When the love of her life shows up with a girlfriend, Tia decides it’s time to put herself out there.
Expectations of dating apps are low, so it’s a surprise when she instantly connects with handsome photographer Nate. He’s everything she’s looking for; he makes her feel safe, seen, and desired.
Tia assumes they’re on the same page – the only catch? They’re yet to have The Talk.
In a generation that’s normalised competing over who cares the least, can Tia overcome her fears and lay her cards on the table, in the pursuit of something real?
Merky Books have published their first ever rom-com this summer.
And gosh, did I have a time reading it.
I laughed. I shouted.
I had to close the book at certain points and sit there like Kaavia Wade and really just deep how triggered I was.
Set in South-East London, we’re introduced to Tia, who’s waiting for the love of her life to return home from his time abroad. She’s sure that something will develop between them after constant texting and unspoken flirting ‘thing’ they’ve had for each other for years.
That is until he walks in with a girlfriend.
Heartbroken, Tia signs up to a dating app and soon meets Nate. Things are going well until the first red flag appears and suddenly, it looks like they might need to have ‘The Talk’.
This book made me laugh because if this is not the most accurate representation of Black British dating culture…I’m not sure what is.
It is, unequivocally, a mess.
This book really showcases how everybody is scared to commit and just how accessible everybody has become because of social media.
I discuss with my friends what the issue is with dating right now…pretty much every other week. And truthfully, I think there’s a multitude of reasons that I will not bore you with. However, I do think in this book you really delve into the lack of intentionality – not on Tia’s part.
And a fear of really putting your feelings on the line.
If you’re not reading this book and relating to Tia’s dating life in some kind of aspect, then you’re winning at life and clearly meeting all the right men.
I was flat-out cracking up on the train when she described her internet dating experience and even the way she talks about her parents.
“To her, that was the scariest thing about whatever they were: the lack of labels and expectations meant that this person to whom she’s opened to… could just vanish without owing her a damn thing.”
Meeting someone and baring your soul to them, letting your guard down and making all these plans and promises for them to disappear months later…is truthfully so terrifying. Vulnerability is meant to be beautiful.
And when you find someone who opens up to you too…it can be.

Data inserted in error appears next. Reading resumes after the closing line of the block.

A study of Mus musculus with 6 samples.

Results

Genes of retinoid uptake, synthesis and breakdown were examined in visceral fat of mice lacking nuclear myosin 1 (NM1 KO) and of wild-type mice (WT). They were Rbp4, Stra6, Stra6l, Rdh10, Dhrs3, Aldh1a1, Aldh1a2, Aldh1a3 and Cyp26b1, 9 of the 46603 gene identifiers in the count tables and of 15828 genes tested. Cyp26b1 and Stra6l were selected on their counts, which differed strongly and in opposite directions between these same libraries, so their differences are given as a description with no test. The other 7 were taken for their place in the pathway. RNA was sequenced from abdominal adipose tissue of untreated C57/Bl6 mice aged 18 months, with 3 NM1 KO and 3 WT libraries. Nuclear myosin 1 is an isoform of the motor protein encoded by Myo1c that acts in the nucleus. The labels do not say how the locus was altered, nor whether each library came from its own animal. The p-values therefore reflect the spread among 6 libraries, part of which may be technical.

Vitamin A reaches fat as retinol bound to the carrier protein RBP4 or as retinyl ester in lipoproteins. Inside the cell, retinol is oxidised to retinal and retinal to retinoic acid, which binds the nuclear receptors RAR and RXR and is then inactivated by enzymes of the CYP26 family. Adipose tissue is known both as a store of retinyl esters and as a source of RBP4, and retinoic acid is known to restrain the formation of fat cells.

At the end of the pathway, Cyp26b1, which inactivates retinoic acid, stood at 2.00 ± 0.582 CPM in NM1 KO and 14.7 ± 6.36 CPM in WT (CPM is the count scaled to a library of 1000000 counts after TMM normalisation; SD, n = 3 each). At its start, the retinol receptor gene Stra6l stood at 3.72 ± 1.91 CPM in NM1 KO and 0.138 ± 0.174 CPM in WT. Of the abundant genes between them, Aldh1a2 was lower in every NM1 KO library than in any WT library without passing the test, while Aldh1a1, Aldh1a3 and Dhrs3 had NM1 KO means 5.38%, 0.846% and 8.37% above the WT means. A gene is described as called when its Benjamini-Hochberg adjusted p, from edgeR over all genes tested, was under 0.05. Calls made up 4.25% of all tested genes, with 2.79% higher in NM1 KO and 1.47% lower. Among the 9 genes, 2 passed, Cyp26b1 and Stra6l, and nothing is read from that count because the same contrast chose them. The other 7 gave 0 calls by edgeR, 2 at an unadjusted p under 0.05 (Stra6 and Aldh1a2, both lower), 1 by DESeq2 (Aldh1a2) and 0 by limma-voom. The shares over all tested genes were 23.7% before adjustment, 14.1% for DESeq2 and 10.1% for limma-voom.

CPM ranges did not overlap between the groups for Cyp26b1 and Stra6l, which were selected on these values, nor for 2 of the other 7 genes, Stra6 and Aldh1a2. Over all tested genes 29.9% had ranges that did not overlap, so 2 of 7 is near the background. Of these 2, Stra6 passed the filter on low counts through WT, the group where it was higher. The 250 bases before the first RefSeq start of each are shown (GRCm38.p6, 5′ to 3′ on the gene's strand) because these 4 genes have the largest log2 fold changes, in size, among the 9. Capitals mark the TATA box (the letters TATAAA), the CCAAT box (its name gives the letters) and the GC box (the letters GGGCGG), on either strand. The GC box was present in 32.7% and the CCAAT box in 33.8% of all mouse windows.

Love is one of the most sought out emotions in society. bell hooks really delves into detail in her book ‘All About Love‘. It’s natural to desire companionship and an emotional connection with someone.
So you can only wonder why it’s so damn difficult to connect with someone if everyone is searching for the same thing?
The Situationship will undoubtedly show you why. If anything it just reveals how ridiculous it is.
Also, it’s always so baffling to me when those toxic men are confused when you finally decide to exit a situation. Like sir, you brought me to this point? This is on YOU?
And to all those intentional men…we adore you. Keep doing God’s work xx
“You’ll be less scared of life’s unpredictability when you know you won’t be facing it alone.”
Realistically, I think this fear of the Talk and unwillingness to be vulnerable and open with the person you’re dating is something we all need to sit down and dissect. Loving openly is beautiful. Humans are emotional creatures and to deny yourself the chance to be so open feels wrong. If anything, it’s the most brave thing you can do.
I realised that showing love despite fear is incredibly courageous. It’s something I’m trying to practise not just romantically but platonically too.
I saw this tweet the other day and I think it perfectly encapsulates my thoughts:
Aside from the romance, there’s also a storyline about Black hair and workplace discrimination running adjacent to it. Tia works as a journalist and is constantly having to deal with micro-aggressions that will make you want to scream.
Realistically, we have all been Tia or know a Tia. We’ve all, at some point, witnessed or experienced micro-aggressions and had to fight for our voices to be heard.
Which is why I loved how the author ended this book. It felt like the best decision for Tia.
The pop culture references only add to the relatability of the book and it is something to bare in mind. Some people hate being reminded of real life in books – trust me, I hear it. I only like it when it’s done well or fits the plot.
This was one of those times.
You can tell every reference was thought out and felt very natural to the storyline.
All in all, The Situationship is so incredibly relatable that you’ll have so much fun reading it. I can’t say you won’t be triggered at certain points because if you’re a Black woman living in London…you definitely will be.
But you’ll also find comfort in knowing this experience is universal and we’re all going through it.